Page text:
By J. Matthew Soper
In United States v. Johnson, the Tenth Circuit addressed the “novel issue of whether an individual can have a ‘reasonable expectation of privacy’ in a storage unit rented with a stolen identity.” The defendant, Johnson, instructed his girlfriend to rent a storage unit so that the he had a place to store his guns. The girlfriend used a driver’s license from a woman named Haroldsen. Johnson’s girlfriend went to the storage unit, posing as Haroldsen, and paid for the unit with cash. Later, police searched the unit without a warrant. On appeal, the Tenth Circuit held that Johnson did not have a reasonable expectation of privacy in a storage unit rented with a stolen identity.
The Court explained that the Fourth Amendment’s protections are personal and a person may only claim the exclusionary rule if their own rights were violated. The standard for reasonable expectation of privacy is determined by the classic two-part test of (1) “whether the defendant manifested a subjective expectation of privacy in the area searched” and (2) “whether society is prepared to recognize that expectation as objectively reasonable.” The Court then explained that there is no specific test to determine whether an expectation of privacy is one that society is prepared to accept as reasonable. Rather, courts have looked to various methods including a probabilistic model of privacy, private facts model, a positive law model and a policy model.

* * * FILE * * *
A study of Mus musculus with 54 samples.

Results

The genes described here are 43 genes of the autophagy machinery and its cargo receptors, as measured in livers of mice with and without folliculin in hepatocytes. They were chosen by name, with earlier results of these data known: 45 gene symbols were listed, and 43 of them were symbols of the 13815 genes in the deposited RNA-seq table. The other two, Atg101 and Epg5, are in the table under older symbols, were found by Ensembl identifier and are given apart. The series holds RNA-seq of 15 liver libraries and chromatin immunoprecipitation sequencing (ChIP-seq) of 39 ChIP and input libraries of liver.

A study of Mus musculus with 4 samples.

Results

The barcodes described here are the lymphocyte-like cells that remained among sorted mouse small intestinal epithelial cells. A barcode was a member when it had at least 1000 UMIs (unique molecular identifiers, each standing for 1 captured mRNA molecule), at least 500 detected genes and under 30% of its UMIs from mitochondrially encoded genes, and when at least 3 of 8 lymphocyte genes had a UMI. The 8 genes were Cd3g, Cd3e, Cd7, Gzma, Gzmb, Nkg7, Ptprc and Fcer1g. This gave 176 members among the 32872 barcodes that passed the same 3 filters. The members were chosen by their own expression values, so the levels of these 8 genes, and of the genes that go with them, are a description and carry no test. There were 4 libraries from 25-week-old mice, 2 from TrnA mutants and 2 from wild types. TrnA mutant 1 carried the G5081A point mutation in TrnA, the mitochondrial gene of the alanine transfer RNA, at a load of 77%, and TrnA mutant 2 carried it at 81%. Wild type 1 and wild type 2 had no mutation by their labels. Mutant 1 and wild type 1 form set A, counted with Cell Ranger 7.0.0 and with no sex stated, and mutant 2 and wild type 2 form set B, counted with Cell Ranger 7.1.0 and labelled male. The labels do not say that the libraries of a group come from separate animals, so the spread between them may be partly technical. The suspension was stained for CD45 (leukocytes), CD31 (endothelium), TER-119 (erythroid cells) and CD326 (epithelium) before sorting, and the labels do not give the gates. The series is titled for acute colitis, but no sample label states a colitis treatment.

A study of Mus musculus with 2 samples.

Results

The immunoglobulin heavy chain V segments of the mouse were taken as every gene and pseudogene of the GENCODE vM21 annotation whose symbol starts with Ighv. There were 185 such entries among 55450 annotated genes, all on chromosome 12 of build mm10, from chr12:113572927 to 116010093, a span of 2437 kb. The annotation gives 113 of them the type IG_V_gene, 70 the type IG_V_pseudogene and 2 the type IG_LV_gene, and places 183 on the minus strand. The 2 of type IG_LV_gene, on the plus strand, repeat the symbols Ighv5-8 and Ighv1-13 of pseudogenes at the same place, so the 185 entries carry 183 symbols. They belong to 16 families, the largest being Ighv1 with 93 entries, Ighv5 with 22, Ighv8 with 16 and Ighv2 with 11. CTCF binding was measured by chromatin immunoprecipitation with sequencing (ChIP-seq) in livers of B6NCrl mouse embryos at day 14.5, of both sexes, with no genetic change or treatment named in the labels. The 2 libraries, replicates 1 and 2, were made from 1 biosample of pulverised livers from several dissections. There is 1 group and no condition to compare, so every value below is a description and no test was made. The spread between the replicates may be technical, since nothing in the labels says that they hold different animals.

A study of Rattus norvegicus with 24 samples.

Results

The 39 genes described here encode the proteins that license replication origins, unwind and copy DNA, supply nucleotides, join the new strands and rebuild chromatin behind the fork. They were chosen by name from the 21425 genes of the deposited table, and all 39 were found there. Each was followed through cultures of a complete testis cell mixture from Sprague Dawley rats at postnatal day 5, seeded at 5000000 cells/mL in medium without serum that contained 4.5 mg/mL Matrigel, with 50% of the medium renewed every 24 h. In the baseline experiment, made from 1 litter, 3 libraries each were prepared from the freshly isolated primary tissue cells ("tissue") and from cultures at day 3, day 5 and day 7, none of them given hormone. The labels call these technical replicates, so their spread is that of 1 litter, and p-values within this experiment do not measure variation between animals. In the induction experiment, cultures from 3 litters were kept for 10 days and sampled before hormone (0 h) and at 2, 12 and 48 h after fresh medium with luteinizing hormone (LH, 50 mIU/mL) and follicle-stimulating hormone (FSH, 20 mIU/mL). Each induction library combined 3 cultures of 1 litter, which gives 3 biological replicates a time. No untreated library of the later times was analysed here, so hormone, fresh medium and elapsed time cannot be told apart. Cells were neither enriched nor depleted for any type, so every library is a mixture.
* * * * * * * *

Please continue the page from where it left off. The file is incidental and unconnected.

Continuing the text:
The Court determined that the determination comes down to the “ultimate question” of whether a privacy expectation is reasonable, which “is a value judgment.” The pertinent question is whether if a particular form of surveillance “practiced by the police is permitted to go unregulated by constitutional restraints, the amount of privacy and freedom remaining to citizens would be diminished to a compass inconsistent with the aims of a free and open society.”
In general, people have “an expectation of privacy in a storage unit, because storage units are secure areas that ‘command a high degree of privacy.’” Additionally, an individual can have a recognized expectation of privacy in a storage space even when he or she is not the lessee of the unit. However, here, the fraudulent the misrepresentation by the defendant diminished any privacy interest in the storage unit. Further, the Court discussed the fact that Utah law recognizes the identity of parties to a contract as a material part of the contract.
The ultimate resolution of the case came down to whether the defendant’s interest in the storage unit was one the Fourth Amendment is intended to protect. According to the Court “[t]herefore, whatever subjective privacy expectations Johnson has in the storage unit were not expectations that ‘society is prepared to recognize … as objectively reasonable.’” The Tenth Circuit’s ruling adds another interpretation of how courts should view the relationship between a person and borrowed or rented property.